The City of Toronto’s new Mayors (there are two mayors in practice–elected Mayor Rob and his Councillor brother Doug, who acts like he’s the mayor) was elected recently on a mandate of little more than a promise to cut spending and contract out unionized jobs. That was about the extent of the political vision offered, but it was enough to get him elected. Yesterday, a committee stacked with the Mayor’s supporters voted 4-2 to terminate some 300 unionized garbage collectors and put their jobs up for tender to the private sector.
For my HR students who learn about how to properly evaluate employees and treat them “fairly”, note that these employees are losing their jobs not because they are poor workers–the employer has done no evaluation of their work whatsoever. The City politicians have promised to get rid of unionized public sector jobs and argue that they can find people willing to do their jobs for less money, so they’re gone.
The Cost Debate
The Mayors and their supporters argue that this process will save the City “$8 million” per year. That is a matter of some faith, since a variety of studies show that public garbage collection works out to be cheaper than private garbage collection. As is typical, organizations known to be against unions and government (like the C.D. Howe Institute and the Board of Trade) not surprisingly conclude that private garbage collection is cheaper, and organizations that favour strong government services find the opposite.
Here is a CUPE study showing public garbage collection is cheaper.
Here is a C.D. Howe study showing public garbage collection is more expensive.
You can pick the study that best suites your ideology. That’s what politicians do. Five years from now, we will still be debating whether the contracting out saved the City any money, because the answer will depend on debates about how to calculate the cost and/or savings. I live in the area where garbage is being contracted out to the lowest bidder, so I will let you know if my service improves or gets worse.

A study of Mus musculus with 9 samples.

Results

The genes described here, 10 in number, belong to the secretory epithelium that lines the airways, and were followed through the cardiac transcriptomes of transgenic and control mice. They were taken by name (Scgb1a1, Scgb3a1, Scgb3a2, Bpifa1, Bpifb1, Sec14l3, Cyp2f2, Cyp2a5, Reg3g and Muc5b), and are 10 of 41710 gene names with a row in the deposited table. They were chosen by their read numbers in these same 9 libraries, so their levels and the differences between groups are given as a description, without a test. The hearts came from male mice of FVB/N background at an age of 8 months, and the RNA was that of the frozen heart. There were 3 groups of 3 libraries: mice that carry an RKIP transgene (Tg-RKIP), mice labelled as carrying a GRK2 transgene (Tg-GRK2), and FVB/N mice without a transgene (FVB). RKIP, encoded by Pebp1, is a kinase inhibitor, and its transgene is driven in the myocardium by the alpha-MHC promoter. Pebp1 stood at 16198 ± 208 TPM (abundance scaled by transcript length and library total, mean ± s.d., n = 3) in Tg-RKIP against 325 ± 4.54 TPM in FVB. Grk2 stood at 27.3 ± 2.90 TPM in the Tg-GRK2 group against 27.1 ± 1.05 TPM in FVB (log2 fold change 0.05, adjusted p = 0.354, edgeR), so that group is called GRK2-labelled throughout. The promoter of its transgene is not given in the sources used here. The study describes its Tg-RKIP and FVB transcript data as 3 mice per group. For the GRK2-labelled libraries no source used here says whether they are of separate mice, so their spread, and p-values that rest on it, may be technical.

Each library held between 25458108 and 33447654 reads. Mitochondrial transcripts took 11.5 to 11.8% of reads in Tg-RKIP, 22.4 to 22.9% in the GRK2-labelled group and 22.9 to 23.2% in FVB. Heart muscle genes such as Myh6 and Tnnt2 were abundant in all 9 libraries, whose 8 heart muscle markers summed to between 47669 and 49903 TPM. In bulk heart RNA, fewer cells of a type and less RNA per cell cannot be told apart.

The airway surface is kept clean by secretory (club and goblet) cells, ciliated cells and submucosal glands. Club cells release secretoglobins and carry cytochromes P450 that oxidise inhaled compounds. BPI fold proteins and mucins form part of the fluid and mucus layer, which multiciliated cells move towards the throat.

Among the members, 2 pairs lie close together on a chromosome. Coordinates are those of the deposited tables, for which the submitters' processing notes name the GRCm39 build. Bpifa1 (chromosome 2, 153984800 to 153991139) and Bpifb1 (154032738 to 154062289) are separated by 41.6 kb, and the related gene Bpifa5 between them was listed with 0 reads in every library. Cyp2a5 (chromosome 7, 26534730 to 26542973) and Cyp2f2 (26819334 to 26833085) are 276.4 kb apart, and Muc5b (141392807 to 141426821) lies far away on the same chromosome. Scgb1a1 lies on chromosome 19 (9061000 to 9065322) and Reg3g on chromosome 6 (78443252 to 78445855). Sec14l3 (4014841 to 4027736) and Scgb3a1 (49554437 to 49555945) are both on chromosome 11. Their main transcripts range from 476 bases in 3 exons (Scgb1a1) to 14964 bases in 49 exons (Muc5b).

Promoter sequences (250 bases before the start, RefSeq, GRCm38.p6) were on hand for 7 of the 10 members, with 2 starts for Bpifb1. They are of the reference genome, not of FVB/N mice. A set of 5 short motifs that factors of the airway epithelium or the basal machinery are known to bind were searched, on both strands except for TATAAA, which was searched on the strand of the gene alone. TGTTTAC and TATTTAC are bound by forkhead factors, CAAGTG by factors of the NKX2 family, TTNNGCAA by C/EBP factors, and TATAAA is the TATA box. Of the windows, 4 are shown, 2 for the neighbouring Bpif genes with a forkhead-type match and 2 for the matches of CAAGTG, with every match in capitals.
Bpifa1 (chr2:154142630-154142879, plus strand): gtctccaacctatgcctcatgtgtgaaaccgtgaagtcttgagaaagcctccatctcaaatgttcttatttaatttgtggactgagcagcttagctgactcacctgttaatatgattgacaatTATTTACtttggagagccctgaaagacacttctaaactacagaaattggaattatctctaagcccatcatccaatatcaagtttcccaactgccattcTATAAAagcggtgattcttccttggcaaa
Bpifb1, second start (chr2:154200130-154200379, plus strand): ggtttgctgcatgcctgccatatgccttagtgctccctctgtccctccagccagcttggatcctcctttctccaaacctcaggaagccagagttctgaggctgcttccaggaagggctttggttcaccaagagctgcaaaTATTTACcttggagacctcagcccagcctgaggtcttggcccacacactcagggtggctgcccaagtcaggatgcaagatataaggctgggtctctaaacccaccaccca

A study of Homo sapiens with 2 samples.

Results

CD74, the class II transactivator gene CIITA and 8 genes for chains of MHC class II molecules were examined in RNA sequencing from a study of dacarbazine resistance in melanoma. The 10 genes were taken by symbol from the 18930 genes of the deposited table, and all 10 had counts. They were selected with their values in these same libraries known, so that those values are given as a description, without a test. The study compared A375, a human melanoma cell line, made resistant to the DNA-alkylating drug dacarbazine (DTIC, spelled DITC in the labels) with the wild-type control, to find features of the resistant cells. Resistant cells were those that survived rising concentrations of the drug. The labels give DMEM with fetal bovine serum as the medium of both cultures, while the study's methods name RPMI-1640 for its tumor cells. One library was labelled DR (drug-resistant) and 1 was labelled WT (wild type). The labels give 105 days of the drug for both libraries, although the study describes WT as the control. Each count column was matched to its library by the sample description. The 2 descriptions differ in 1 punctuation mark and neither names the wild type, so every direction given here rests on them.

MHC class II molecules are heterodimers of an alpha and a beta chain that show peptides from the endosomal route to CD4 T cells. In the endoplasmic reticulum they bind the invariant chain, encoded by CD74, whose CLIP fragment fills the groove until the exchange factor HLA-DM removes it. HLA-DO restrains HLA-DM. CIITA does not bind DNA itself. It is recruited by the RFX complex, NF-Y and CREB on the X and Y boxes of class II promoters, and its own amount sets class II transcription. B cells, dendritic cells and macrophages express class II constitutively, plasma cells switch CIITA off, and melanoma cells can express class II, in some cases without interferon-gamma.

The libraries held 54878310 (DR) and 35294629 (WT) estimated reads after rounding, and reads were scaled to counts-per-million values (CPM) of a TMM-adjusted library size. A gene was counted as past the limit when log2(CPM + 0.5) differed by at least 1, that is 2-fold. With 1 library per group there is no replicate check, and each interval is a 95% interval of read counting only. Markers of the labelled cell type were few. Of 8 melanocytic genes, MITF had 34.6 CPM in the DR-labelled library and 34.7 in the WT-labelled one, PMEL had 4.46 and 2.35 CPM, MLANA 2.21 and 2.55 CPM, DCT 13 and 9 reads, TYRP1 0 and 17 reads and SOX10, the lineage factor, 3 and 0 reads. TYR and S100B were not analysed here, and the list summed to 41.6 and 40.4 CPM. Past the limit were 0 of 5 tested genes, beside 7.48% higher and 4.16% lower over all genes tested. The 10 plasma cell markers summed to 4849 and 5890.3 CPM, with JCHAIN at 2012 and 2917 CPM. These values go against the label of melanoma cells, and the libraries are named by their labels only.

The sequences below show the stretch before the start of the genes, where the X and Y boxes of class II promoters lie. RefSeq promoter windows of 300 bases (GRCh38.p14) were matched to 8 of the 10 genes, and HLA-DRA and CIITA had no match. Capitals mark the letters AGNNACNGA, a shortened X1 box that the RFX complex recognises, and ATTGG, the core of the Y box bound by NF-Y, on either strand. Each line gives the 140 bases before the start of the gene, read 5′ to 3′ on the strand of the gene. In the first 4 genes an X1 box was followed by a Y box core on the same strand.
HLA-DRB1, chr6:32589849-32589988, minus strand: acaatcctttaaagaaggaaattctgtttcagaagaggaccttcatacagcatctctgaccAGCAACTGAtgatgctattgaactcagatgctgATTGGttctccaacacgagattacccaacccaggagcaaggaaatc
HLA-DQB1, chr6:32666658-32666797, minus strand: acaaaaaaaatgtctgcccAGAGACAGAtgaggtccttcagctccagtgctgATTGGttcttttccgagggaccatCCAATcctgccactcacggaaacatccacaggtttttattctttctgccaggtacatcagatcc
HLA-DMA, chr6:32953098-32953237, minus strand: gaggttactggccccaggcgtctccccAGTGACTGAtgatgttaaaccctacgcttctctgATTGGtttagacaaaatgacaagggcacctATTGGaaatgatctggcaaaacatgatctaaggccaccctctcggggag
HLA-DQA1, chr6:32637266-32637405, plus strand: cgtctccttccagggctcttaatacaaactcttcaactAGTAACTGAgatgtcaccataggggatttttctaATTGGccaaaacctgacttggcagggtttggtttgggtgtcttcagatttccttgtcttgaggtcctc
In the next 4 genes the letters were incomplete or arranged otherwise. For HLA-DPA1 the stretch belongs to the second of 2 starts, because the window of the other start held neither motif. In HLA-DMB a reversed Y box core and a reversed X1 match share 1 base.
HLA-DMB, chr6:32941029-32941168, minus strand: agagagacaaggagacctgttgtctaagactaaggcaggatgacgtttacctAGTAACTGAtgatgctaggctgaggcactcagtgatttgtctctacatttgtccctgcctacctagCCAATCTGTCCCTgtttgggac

The Sad State of Political Discourse
The right to strike is one of the key features that distinguishes democracies from dictatorships. The recent fall of the Egyptian regime was due in large measure to the bravery of striking workers, who put their safety and livelihood on the line to fight for democracy. Canada is a signatory to international human rights instruments that require governments to respect a right to strike of all workers, subject only to a few narrow exceptions relating to police, military, and jobs that protect health and safety. You get the idea. The right to strike is an important democratic principle steeped in long history. Here is a nice piece by Professor Servais from the Canadian Labour and Employment Law Journal explaining the importance of the right to strike in international law.
At yesterday’s council meeting, Councillors mocked and chastised CUPE workers who had the audacity to exercise their legal right to strike. Some, like Councillor Nunziata and Councillor Mommoliti felt that the legal CUPE garbage strike last year was relevant to the decision to contract out the CUPE jobs. Nunziata mocked union members, suggesting that evidence of their poor performance was found in the decision to strike:
The message is clear from our elected officials. Although you have a legal right to strike–as will the employees of whatever private company wins the bid–you should never actually exercise that right, and if you do, this government will punish you for it. If an employer threatened its workers with contracting out if they go on strike, that would be a breach of Section 72 of the Labour Relations Act. Nunziata’s comments are more mocking than threatening given the context. But the comments by Nunziata and the other anti-union Councillors who explained the decision to terminate unionized workers by referencing last years’ strike are highly inappropriate and unprofessional. They run completely counter to the policy expressed in the Labour Relations Act, which is intended to ensure workers that they will not be punished for exercising their legal rights.
Don’t you find the mocking, sarcastic tone of the Councillors, who have just sent 3oo of their employees to the unemployment line, extremely distasteful? Three hundred Toronto families just received devastating news. When did mass firings become a reason for celebration?
Unfortunately, the level of political discourse in Toronto has fallen into the garbage heap.
Is there a grievance in the works?
Lastly, the CUPE president hinted yesterday that the City may have violated the collective agreement in the manner in which it has implemented the contracting out so far. Mark Ferguson said this:
“I know how the collective agreement operates and what the past practices have been in the delivery of information. If you want to change those past practices I would suggest you do so at the bargaining table and not midway through a collective agreement.”
Hhmmm. This sounds like a set up for a grievance alleging a change in past practice that violates the agreement. I don’t know what that is about. But we will keep our ears to the ground. Can anyone at CUPE provide us with any insight into this issue?